This book is like a hybrid of poem and novel. Sometimes I have trouble to trace the outline and development of the story but along the reading, I enjoy the beauty and power of the words.
I can’t help to see and feel India though Rahel and other characters. The author has exceptional skills in touching the essence by smell,color, feeling, taste and then representing the sensation by words.Unlike the India I saw from BBC documentary or travel diaries, this book reveals the sophisticated India–India that has Christian caste, Hindu Caste, Post-colonial conflicts, communism, untouchable, women’s right, inter-cultural/community marriage,family relationship e.t.c.
Though the story is based on India, it is not restricted to things happen within India. As Claire Scobie commented, “It is rare to find a book that so effectively cut through the clothes of nationality, caste and religion to reveal the bare bones of humanity.” Every one in this story has his/her own tragedy and conflict, trapped in his/her own memory and weakness. Each of them can not understand each other and not willing to face the problem. Wives were bitten by husbands but they never complain; brother and sister were separated but no tears; People who realize the injustice of caste, try little to change it. Things happen, everyday, in small things(eg. a moth to Pappachi), hidden is the unnoticeable moments.It is not just phenomenon of India, it happens everywhere, it happens wherever human exist.
But they survive, bear their own sorrow and failure, and keep going. They expect nothing but they are nevertheless creating their own (personal and social) future. But our life, though it is full of national tragedy, personal struggle and conflict, is just a drop of water in the ocean. Social revolution is a macro reflection of personal struggle. People want changes, people think they are fighting for better life. But all this changes and revolution are nothing in the face of “Earth Mother.”
But the God of small things cheer us up and lead us to live on. We sometimes forgot our mischief or suffering, because 1) too much things happen-natural disasters, wars, death, illness, by and by we think this is normal, everything happen, either good or bad, is rationally exist;2) we living for today, not for the past or future, we have too much concern with our existing trouble and too busy to deal with that, we don’t realize we were/could be the victims;3) we see things happen but don’t know the cause; we don’t realize the primary cause is hidden in the small things and not until years after we realize how things happen but we have no power to change that, so we live on, if not merrily, at least with less complain.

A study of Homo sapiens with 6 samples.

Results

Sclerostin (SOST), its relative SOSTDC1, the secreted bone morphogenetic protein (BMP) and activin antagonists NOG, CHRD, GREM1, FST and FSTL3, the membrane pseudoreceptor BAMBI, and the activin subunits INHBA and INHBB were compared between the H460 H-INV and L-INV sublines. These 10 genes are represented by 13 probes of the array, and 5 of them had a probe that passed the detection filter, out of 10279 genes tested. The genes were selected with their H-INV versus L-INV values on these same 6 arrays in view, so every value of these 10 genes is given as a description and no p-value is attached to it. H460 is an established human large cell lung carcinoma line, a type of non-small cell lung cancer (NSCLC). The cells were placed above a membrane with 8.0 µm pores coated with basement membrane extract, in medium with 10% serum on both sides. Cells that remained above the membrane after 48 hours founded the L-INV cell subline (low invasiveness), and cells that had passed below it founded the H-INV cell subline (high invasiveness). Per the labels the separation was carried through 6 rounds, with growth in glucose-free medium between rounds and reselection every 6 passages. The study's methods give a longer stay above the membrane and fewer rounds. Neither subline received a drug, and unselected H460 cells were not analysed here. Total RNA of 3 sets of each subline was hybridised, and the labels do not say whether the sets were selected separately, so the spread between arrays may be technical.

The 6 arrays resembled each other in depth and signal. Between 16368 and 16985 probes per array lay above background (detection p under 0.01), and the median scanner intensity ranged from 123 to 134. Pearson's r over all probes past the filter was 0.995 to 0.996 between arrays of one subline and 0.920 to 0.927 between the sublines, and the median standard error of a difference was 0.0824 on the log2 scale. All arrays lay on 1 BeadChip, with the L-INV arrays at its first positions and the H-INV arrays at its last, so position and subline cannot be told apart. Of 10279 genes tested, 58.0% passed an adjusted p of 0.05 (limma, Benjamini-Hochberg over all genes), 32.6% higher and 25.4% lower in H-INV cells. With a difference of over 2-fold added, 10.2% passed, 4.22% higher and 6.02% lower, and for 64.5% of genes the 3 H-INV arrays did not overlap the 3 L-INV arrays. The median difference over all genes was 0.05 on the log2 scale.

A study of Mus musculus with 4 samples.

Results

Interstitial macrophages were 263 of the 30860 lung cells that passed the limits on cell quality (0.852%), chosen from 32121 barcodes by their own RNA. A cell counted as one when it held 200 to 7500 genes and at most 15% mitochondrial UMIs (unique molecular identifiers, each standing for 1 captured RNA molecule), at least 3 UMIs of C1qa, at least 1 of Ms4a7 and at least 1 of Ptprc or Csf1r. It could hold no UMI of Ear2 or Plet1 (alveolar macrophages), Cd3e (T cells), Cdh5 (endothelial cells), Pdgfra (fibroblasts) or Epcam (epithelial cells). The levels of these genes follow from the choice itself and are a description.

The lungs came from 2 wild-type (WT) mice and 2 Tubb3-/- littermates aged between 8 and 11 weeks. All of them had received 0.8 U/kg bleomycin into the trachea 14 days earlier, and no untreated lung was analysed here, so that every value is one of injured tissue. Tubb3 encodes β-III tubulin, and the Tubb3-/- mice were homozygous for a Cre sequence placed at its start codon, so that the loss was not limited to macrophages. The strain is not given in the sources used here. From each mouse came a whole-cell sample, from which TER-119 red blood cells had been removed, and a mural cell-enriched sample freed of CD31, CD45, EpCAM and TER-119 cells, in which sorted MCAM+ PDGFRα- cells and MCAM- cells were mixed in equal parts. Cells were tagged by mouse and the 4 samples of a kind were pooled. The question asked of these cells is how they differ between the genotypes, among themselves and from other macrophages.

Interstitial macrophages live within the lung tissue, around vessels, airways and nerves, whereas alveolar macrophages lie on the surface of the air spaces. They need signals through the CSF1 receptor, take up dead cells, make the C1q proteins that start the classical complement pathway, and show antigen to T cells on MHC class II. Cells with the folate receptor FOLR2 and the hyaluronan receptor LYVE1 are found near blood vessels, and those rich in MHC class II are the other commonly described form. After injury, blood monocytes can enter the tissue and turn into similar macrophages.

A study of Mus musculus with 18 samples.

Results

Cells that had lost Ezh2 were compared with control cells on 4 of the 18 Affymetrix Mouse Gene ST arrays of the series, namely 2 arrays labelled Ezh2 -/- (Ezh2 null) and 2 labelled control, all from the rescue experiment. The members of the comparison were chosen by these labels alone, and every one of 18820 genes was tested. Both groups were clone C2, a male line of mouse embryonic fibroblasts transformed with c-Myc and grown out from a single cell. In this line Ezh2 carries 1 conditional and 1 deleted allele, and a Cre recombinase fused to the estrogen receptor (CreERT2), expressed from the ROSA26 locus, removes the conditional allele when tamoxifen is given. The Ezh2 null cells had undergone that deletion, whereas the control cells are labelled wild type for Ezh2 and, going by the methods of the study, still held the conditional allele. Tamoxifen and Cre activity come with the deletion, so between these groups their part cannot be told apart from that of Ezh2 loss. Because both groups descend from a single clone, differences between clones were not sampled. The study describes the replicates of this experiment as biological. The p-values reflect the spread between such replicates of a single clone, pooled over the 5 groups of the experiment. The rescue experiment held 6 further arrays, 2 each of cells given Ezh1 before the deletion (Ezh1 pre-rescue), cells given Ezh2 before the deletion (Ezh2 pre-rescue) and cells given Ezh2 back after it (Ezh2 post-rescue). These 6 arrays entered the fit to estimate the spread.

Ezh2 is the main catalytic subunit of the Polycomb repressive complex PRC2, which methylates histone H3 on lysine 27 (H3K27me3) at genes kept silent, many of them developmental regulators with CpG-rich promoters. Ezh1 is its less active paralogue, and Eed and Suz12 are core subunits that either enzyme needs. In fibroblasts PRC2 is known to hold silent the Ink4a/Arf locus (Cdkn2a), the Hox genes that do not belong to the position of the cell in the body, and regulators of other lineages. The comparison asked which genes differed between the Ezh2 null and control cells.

Here are the quotes I like and it helps me to understand the story:
He was exasperated because he didn’t know what that look meant. He put it somewhere between indifference and despair. He didn’t know that in some places, like the country that Rahel came from, various kinds of despair competed for primacy. And that personal despair could never be desperate enough. That something happened when personal turmoil dropped by at the wayside shrine of the vast, violent, circling, driving, ridiculous, insane, unfeasible, public turmoil of a nation. That Big God howled like a hot wind, and demanded obeisance. Then Small God (cozy and contained, private and limited) came away cauterized, laughing numbly at his own temerity. Inured by the confirmation of his own inconsequence, he became resilient and truly indifferent. Nothing mattered much. Nothing much mattered. And the less it mattered, the less it mattered. It was never important enough. Because Worse Things had happened. In the country that she came from, poised forever between the terror of war and the horror of peace, Worse Things kept happening.
So Small God laughed a hollow laugh, and skipped away cheerfully. Like a rich boy in shorts. He whistled, kicked stones. The source of his brittle elation was the relative smallness of his misfortune. He climbed into people’s eyes and became an exasperating expression.